Why We Started

Sensitive, informed and celebratory rhetoric is an important part of the way we operate. But we can't avoid the very real and sometimes harrowing needs that exist for the community we work in.

The beach community

Our students come from the very poorest part of Saltpond, where they live in beach huts or derelict, overcrowded buildings. Many have only one remaining parent, and lots are orphaned.

Coastal fishing communities are often stigmatised in Ghana for being poor, ill-educated and even 'lazy'. In reality, they are trapped in a cycle of poverty that means, whilst some will gather a small income from fishing many, especially women, will struggle to find work. Many children are sent away, unschooled and unsupported, to work in dangerous cities as maids or sellers, as their parents cannot afford to look after them. 

Though the Central Region is a relatively fortunate part of Ghana these children - like so many others in other parts of the country - cannot afford the uniform, resources, or food that they are expected to purchase at government schools. Before the project began, most of the children living on the beach, some as old as 15 or 16, had never attended school - and were either being sent out to sell water or fruit on the side of the road, or simply sitting around.

The value of education

The majority of parents and guardians within our community have never attended school, have no understanding of English, and only very basic numeracy skills.

Many deaths in these isolated coastal communities happen as a result of preventable diseases such as malaria, cholera and diarrhoea. Members of this community cannot afford to buy health insurance or pay for medical treatment. If they are fortunate enough to gather the funds, many do not understand the necessity of treatment or preventative processes, and cannot read the hospital-issued communications.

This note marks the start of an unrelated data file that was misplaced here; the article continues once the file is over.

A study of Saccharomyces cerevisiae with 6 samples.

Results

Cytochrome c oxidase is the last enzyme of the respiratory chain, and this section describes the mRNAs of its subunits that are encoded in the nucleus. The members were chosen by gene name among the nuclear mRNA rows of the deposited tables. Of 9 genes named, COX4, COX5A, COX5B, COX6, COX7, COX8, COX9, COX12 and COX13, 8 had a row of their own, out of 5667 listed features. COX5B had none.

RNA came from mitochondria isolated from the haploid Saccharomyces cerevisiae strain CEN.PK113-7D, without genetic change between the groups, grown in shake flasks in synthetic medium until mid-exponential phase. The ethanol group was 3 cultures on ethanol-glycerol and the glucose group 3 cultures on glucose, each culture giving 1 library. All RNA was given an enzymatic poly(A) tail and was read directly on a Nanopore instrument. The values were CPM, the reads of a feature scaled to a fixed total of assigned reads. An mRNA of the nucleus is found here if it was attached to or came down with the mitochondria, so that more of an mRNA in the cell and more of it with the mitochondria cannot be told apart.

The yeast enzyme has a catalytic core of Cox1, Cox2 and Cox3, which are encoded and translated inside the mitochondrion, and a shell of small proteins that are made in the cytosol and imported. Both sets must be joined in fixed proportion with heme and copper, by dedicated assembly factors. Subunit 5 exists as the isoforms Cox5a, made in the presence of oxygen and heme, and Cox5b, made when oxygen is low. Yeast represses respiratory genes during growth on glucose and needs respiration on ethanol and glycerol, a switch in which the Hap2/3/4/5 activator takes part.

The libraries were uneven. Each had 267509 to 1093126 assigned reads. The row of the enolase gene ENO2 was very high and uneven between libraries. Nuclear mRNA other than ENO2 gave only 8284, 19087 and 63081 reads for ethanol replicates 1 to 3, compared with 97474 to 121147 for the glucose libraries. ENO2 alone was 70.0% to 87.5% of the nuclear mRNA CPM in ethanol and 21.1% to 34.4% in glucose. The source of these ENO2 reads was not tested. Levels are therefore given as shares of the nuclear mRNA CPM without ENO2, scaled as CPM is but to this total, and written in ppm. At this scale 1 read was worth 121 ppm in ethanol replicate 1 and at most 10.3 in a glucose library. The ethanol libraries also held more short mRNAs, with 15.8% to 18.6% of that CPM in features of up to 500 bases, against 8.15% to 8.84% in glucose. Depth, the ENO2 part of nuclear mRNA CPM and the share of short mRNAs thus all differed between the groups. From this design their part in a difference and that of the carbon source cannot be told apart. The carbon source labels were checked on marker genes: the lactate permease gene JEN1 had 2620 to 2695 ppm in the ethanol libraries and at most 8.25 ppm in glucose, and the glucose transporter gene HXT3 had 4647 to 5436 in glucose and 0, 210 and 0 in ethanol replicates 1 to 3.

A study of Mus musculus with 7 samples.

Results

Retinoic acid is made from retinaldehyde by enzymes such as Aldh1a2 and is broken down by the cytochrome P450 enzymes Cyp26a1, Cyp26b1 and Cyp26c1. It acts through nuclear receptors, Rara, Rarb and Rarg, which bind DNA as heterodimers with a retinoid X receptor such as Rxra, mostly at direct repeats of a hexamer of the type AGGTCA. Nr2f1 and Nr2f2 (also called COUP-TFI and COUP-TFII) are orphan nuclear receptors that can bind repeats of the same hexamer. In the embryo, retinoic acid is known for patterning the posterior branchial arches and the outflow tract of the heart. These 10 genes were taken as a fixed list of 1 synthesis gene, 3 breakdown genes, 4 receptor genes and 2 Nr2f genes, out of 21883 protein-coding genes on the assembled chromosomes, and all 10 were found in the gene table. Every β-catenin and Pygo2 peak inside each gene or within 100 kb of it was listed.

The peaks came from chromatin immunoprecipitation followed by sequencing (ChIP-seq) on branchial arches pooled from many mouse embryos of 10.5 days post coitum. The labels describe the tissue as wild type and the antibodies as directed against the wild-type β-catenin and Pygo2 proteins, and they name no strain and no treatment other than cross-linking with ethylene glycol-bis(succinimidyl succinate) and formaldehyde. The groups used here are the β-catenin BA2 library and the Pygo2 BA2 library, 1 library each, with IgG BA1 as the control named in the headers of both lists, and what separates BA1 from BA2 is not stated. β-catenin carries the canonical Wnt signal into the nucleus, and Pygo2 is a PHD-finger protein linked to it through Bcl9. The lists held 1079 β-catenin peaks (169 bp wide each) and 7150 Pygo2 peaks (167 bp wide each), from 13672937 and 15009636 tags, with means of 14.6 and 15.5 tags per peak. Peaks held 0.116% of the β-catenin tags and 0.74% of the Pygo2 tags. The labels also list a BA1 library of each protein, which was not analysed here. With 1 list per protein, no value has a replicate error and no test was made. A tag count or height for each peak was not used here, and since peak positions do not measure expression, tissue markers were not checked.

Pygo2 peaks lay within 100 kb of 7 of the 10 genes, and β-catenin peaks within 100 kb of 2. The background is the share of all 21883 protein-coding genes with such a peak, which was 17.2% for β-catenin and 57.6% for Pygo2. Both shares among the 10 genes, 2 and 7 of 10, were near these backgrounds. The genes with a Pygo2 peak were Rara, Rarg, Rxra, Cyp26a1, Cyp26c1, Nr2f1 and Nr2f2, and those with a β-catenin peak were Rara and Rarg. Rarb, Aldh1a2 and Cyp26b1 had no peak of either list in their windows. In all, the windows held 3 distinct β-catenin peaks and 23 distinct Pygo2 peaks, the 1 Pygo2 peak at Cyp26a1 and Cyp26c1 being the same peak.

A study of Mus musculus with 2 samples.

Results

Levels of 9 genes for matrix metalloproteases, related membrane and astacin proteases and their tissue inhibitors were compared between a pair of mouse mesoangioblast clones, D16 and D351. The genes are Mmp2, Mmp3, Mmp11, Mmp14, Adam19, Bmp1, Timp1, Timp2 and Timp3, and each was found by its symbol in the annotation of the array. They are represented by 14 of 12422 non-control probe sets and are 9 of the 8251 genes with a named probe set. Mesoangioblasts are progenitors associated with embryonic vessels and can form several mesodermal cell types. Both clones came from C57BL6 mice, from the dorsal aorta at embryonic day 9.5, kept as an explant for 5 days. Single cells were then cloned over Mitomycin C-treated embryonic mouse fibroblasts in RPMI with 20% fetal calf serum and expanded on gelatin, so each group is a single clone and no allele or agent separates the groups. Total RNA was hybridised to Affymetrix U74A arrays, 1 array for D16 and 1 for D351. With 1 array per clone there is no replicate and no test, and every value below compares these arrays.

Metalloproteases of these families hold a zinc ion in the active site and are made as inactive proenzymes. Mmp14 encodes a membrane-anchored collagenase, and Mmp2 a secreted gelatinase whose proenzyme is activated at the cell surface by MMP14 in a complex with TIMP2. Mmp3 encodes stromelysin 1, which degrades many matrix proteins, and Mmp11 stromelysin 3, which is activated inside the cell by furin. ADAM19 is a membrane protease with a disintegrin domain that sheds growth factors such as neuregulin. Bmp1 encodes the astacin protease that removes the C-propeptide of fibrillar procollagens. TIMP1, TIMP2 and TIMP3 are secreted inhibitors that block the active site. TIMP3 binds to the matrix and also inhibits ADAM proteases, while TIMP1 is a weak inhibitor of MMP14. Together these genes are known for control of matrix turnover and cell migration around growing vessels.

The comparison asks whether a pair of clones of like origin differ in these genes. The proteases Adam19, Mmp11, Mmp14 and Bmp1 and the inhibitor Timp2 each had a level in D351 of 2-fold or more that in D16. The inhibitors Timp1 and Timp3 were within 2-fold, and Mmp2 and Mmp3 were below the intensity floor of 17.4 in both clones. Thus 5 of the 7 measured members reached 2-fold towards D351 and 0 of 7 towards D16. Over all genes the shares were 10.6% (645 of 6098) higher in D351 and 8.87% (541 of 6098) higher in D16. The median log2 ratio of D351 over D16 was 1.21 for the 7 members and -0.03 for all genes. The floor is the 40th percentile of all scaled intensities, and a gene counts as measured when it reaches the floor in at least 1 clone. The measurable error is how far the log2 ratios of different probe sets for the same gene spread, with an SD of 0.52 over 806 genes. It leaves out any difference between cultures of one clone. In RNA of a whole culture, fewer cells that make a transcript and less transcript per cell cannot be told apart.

It is difficult to encourage a community who live so hand-to-mouth to pay anything at all to educate their children. By providing a totally free primary education for those most in need, alongside adult literacy, numeracy and ICT classes, we hope we can slowly raise the understanding and aspirations of the community as a whole, and encourage them to let their children finish school.

By the time our students are ready to be sponsored into JHS (middle) and SHS (secondary) school, parents and carers have a first-hand understanding of the benefits of a well-rounded education. Our students also help to educate their families and neighbours by putting on plays and performances which educate them on issues such as hygiene, aspiration and malaria prevention.

We are careful only to offer the facilities to students who really do not have the option of attending a government school at the time of enrollment, and carry out regular needs-assessment surveys.

We hope that, in time, our services will no longer be required, as the government continues to develop it's education system, and as our parents and carers understand the importance of sending their children to school.